Research continues to shed light on the health benefits of nuts and seeds. Flaxseeds, chia seeds, and sunflower seeds are well-known options, but there are several lesser-known varieties of readily available seeds with potential health effects.
General Characteristics of Seeds
Seeds contain the embryo of future plants. To support their development from embryo to plant, seeds are endowed with ample energy and nutrients. This efficient packaging makes seeds calorie dense, so it is important to be aware of appropriate portion sizes when eating seeds as a snack or ingredient. Unique nutrition profiles exist for different seed varieties, therefore, including a diverse array of seeds in your diet can promote health. Seeds are typically a source of protein, unsaturated fats, minerals, and phytonutrients. For individuals with nut allergies, seeds and seed butters offer excellent substitutes!
Consider trying one or all of these tasty and nutritious superstar seeds:
Sesame seeds are a good source of fiber, which not only supports digestive health but may play a role in reducing risk of obesity, type 2 diabetes, certain cancers, and heart disease. Some studies indicate that regular consumption of sesame seeds may help reduce cholesterol and triglycerides. Sesame seeds also provide phytonutrients (lignans and phytosterols) that may have cholesterol-lowering effects. These tiny seeds supply 5 grams of protein per 3-Tbsp serving and the micronutrients B-vitamins, iron, zinc and copper. Unhulled sesame seeds are especially rich in calcium, a nutrient vital to bone health. Try adding sesame seeds to cereal, stir-fries or steamed veggies, smoothies, or salad dressings. Check out the Sesame Spring Salad recipe for another delicious idea!
Pumpkin seeds contain a range of beneficial nutrients, including sterols, magnesium, and polyunsaturated fatty acids. Research indicates that the nutrients in pumpkin seeds may protect against type 2 diabetes and heart disease as well as promote bone health. Pumpkin seeds are a rich source of the amino acid tryptophan, which the body converts into serotonin, a neurotransmitter that promotes relaxation. Pumpkin seeds are a great snack and add crunch and taste to recipes. Top a salad with pumpkin seeds or make homemade pumpkin seed butter by blending whole, raw pumpkin seeds in a food processor.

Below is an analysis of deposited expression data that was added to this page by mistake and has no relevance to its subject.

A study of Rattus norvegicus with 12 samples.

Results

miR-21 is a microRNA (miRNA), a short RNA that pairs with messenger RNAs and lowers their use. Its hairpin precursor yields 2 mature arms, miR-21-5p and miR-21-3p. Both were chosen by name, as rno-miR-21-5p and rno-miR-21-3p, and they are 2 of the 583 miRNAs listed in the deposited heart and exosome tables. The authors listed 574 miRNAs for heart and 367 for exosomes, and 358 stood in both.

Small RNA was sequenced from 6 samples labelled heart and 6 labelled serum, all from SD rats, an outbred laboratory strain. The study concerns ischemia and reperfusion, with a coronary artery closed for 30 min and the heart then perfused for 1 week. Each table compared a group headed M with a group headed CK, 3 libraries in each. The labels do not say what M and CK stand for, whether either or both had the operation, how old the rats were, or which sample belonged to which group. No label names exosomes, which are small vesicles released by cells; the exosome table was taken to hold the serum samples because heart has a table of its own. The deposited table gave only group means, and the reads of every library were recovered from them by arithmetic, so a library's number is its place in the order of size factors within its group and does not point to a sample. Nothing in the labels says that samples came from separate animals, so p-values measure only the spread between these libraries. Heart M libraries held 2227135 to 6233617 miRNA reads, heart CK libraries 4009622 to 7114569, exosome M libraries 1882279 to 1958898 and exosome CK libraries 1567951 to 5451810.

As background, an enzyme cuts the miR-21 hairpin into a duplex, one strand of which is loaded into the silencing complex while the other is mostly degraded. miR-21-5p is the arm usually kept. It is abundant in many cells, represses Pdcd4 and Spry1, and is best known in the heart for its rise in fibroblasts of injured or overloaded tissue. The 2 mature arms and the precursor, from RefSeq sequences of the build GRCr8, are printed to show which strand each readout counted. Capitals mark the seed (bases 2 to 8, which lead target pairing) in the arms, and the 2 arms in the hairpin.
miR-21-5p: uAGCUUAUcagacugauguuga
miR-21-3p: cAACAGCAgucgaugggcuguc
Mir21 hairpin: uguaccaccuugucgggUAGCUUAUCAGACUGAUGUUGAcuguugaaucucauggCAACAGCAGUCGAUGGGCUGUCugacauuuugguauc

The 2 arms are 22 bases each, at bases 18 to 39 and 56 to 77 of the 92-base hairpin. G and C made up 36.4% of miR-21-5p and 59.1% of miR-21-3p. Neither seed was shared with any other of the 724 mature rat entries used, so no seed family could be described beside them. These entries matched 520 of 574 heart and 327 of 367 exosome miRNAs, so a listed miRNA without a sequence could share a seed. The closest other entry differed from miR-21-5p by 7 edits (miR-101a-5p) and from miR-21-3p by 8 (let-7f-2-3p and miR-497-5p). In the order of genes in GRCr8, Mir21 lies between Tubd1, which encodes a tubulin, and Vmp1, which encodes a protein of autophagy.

Tomato seeds may be more difficult to digest than most seeds, but they are worth the trouble since they provide a healthy dose of vitamins A and C, potassium and fiber. The seeds also contain lycopene, a phytonutrient known to reduce cancer risk; cooking helps activate lycopene in tomato seeds. The seeds are often consumed dried, but can be enjoyed in tomato sauces or as part of whole tomatoes.
Carolina Alves Cardoso, Gláucia Maria Moraes de Oliveira, Luciana de Almeida Vittori Gouveia, Annie Seixas Bello Moreira & Glorimar Rosa (2018) The effect of dietary intake of sesame (Sesamumindicum L.) derivatives related to the lipid profile and blood pressure: A systematic review, Critical Reviews in Food Science and Nutrition, 58:1, 116-125, DOI: 10.1080/10408398.2015.1137858
González, Mónica, M. Carmen Cid, and M. Gloria Lobo. "Usage of tomato (Lycopersicum esculentum Mill.) seeds in health." Nuts and seeds in health and disease prevention. Academic Press, 2011. 1123-1132.
Sesame Spring Salad
1 pound fresh asparagus, trimmed and cut into 2-inch pieces
7 radishes, thinly sliced
2 tablespoons sesame seeds
2 tablespoons olive oil
2 tablespoons thinly sliced green onion
1 tablespoon white wine vinegar
1 tablespoon lemon juice
2 teaspoons honey
1 teaspoon Dijon mustard
1/4 teaspoon garlic powder
1/4 teaspoon grated lemon zest
1/4 teaspoon pepper
In a large saucepan, bring 6 cups of water to a boil. Add asparagus; cover and boil for 3 minutes. Drain and immediately place asparagus in ice water. Drain and pat dry.
Transfer to a large bowl; add radishes and sesame seeds. Place dressing ingredients in a jar with a tight-fitting lid; shake well. Pour over salad; toss to coat.